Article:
Progress in 2019
This year, a better environment and solutions to climate change were pursued locally, nationally, and internationally. In 2019, more lands were protected, more renewable energy was generated, and improvements in environmental design were experienced by more people than ever.
A new law extends protection to more land and waterways
The John D. Dingell, Jr. Conservation, Management, and Recreation Act protects more than two million acres of public lands. Its name honors a recently-deceased member of Congress who had served for 59 years.
Among the protected areas, Joshua Tree National Park has been enlarged by 4,518 acres. New national monuments were designated in four states, and more than a million new acres of western wilderness lands have been reserved.
The legislation also extended the Land and Water Conservation Fund and assured further protection to hundreds miles of designated Wild and Scenic Rivers.
A National Wildlife Federation article describes ways that the legislation protects public lands and waterways.
More renewable energy installations are brought on-line
In just three years, the number of solar installations in the United States doubled — from one million to more than two million today. The U.S. also ranks among the top three countries worldwide in wind turbine production. Those and other renewable energy sources have expanded as costs have decreased and environmental awareness has increased.
As of this year, 73% of the public acknowledges climate change. At least 156 global corporations have responded with their commitments to 100% renewable energy. Congress increased the U.S. Office of Energy Efficiency and Renewable Energy budget to 2.38 billion.
PreScouter, a research intelligence firm, has published further details about wind and solar installations and the trends likely to cause continued growth in renewable energy.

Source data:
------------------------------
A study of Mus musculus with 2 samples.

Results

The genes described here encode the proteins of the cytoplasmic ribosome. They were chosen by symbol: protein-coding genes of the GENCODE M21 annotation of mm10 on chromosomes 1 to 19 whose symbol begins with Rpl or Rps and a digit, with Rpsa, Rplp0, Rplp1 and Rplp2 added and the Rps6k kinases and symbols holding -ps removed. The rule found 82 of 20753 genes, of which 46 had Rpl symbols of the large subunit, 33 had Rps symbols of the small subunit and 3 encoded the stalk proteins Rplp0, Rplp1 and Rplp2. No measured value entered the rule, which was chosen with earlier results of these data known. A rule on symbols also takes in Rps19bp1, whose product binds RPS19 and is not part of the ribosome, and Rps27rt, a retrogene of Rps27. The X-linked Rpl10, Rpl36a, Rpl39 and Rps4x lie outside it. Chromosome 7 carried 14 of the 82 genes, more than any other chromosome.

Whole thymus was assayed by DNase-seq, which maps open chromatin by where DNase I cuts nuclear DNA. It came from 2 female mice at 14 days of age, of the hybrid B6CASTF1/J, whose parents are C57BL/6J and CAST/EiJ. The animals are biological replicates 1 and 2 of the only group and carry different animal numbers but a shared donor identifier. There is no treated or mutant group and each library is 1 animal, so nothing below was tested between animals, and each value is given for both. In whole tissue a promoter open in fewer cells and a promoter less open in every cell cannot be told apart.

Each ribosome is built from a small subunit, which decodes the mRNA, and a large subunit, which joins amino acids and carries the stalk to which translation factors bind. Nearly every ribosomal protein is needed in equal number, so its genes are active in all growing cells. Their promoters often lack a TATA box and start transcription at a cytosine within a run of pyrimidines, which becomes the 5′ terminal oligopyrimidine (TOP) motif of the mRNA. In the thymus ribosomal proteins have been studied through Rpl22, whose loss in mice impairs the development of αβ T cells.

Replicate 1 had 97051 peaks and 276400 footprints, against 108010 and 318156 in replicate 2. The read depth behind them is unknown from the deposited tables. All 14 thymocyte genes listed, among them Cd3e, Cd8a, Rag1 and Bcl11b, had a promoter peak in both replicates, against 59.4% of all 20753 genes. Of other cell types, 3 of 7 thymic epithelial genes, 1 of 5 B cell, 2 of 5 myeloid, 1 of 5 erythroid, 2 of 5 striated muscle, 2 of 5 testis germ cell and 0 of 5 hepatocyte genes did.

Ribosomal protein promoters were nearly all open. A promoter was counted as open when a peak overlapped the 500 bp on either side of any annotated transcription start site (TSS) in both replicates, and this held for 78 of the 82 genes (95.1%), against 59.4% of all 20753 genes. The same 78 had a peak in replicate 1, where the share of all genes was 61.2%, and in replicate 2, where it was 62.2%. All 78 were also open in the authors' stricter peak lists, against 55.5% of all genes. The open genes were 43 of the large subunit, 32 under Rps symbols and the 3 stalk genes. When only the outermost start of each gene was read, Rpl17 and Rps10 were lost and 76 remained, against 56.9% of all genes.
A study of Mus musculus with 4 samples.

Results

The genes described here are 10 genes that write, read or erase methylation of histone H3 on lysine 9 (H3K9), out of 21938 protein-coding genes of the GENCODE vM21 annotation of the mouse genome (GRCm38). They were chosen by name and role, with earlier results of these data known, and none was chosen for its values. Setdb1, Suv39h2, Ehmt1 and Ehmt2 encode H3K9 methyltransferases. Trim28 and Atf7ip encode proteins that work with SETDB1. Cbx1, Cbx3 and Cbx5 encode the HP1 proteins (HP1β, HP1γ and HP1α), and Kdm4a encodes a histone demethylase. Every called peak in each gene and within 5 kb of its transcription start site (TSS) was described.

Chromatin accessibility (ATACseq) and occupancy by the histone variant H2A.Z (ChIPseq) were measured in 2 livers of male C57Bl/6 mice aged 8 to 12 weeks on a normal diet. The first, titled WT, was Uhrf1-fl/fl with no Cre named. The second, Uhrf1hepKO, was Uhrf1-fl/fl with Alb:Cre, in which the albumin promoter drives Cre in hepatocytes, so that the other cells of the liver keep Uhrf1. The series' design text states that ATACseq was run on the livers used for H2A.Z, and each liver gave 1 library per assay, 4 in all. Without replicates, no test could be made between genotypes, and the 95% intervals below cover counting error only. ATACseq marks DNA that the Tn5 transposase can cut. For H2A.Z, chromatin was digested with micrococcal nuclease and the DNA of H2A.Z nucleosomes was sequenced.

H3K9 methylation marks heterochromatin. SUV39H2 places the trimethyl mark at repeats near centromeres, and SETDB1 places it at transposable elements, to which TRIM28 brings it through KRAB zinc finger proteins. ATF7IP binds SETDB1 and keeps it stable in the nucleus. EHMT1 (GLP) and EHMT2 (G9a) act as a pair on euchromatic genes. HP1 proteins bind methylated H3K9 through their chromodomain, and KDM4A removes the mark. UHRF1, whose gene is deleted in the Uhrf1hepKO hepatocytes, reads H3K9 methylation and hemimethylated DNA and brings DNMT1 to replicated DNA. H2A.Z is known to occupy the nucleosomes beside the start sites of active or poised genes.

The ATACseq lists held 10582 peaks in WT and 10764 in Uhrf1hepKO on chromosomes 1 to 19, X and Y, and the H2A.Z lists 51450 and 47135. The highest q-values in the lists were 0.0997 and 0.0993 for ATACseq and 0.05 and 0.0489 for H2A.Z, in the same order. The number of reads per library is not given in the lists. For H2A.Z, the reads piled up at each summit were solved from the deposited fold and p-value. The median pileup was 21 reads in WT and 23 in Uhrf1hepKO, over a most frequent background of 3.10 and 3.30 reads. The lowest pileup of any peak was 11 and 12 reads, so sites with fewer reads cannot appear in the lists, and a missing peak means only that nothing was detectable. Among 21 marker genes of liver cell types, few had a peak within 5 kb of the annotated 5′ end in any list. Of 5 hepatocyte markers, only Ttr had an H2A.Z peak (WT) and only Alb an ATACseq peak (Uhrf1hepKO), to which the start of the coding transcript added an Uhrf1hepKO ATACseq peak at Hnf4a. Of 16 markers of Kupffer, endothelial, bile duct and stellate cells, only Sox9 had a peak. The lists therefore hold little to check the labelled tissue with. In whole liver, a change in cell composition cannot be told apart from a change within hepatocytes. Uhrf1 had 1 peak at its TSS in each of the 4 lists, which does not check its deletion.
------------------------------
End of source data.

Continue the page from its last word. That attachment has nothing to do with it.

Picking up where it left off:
Entire cities and communities seek better environmental design
The U. S. Green Building Council (USGBC) provides a framework for creating and maintaining healthy, energy-efficient, and cost saving buildings. That framework, the Leadership in Energy and Environmental Design (LEED) rating system, is used in certifying more than 2.2 million square feet of buildings every day.
Beginning in 2016, LEED frameworks were implemented beyond buildings, for entire cities and communities. More than 160 cities and communities had certified or registered as USGBC LEED projects by July 2019. The benefits of environmental design now extend to the places where nearly 53 million people live.
The National Conference of State Legislators website describes the varied ways that bottle bills work, state-by-state.
Environmental design of an historic building is enhanced during renovations and repurposing
Constructed in 1926, the Grand Avenue Elementary School in Orlando, Florida served many generations of children. The now-historic building is being repurposed as a recreation center. Future generations will experience enhanced after-school programs, recreation, and sports activities.
Renovations will also enhance the historic building, making make it more energy-efficient and a healthier place for recreation. LEED BD+C certification is in-progress.
Plans for new and expanded programs at the Grand Avenue Elementary School building are described on the City of Orlando Government website.
25th UN Climate Change Conference (COP 25)
December 2 – 13, 2019
This year’s U.N. Climate Change conference — the 25th Conference of the Parties to the UN Framework Convention on Climate Change (COP 25) — convened in Madrid, Spain. Attendees reviewed progress toward goals and specified further implementation of the Kyoto Protocol (1997) and the Paris Agreement (2015). International negotiations considered vast, multi-faceted climate-related issues. These included technological developments, forestry and agricultural strategies, and concerns over impacts to oceans, indigenous peoples, and cities.
A Joint Statement and further reports from COP 25 are posted on the United Nations Framework Convention on Climate Change (UNFCCC) website.
A Chief Sustainability and Resilience Officer (CSRO) is appointed for Orange County, Florida
Mayor Jerry Demings created the role of Chief Sustainability and Resilience Officer (CSRO) for Orange County. When announcing the appointment, Mayor Demings called for “work across the organization to develop a clear and compelling vision for community resilience and sustainability.” He further expressed that “measurable progress toward that vision” will be required.
As of December 16th, Jeff Benavides is CSRO for Orange County. His pioneering work in launching award winning sustainability programs includes many projects with ecoPreserve over the last 10 years.
Mayor Demings announced the selection of Orange County’s CSRO in this press release.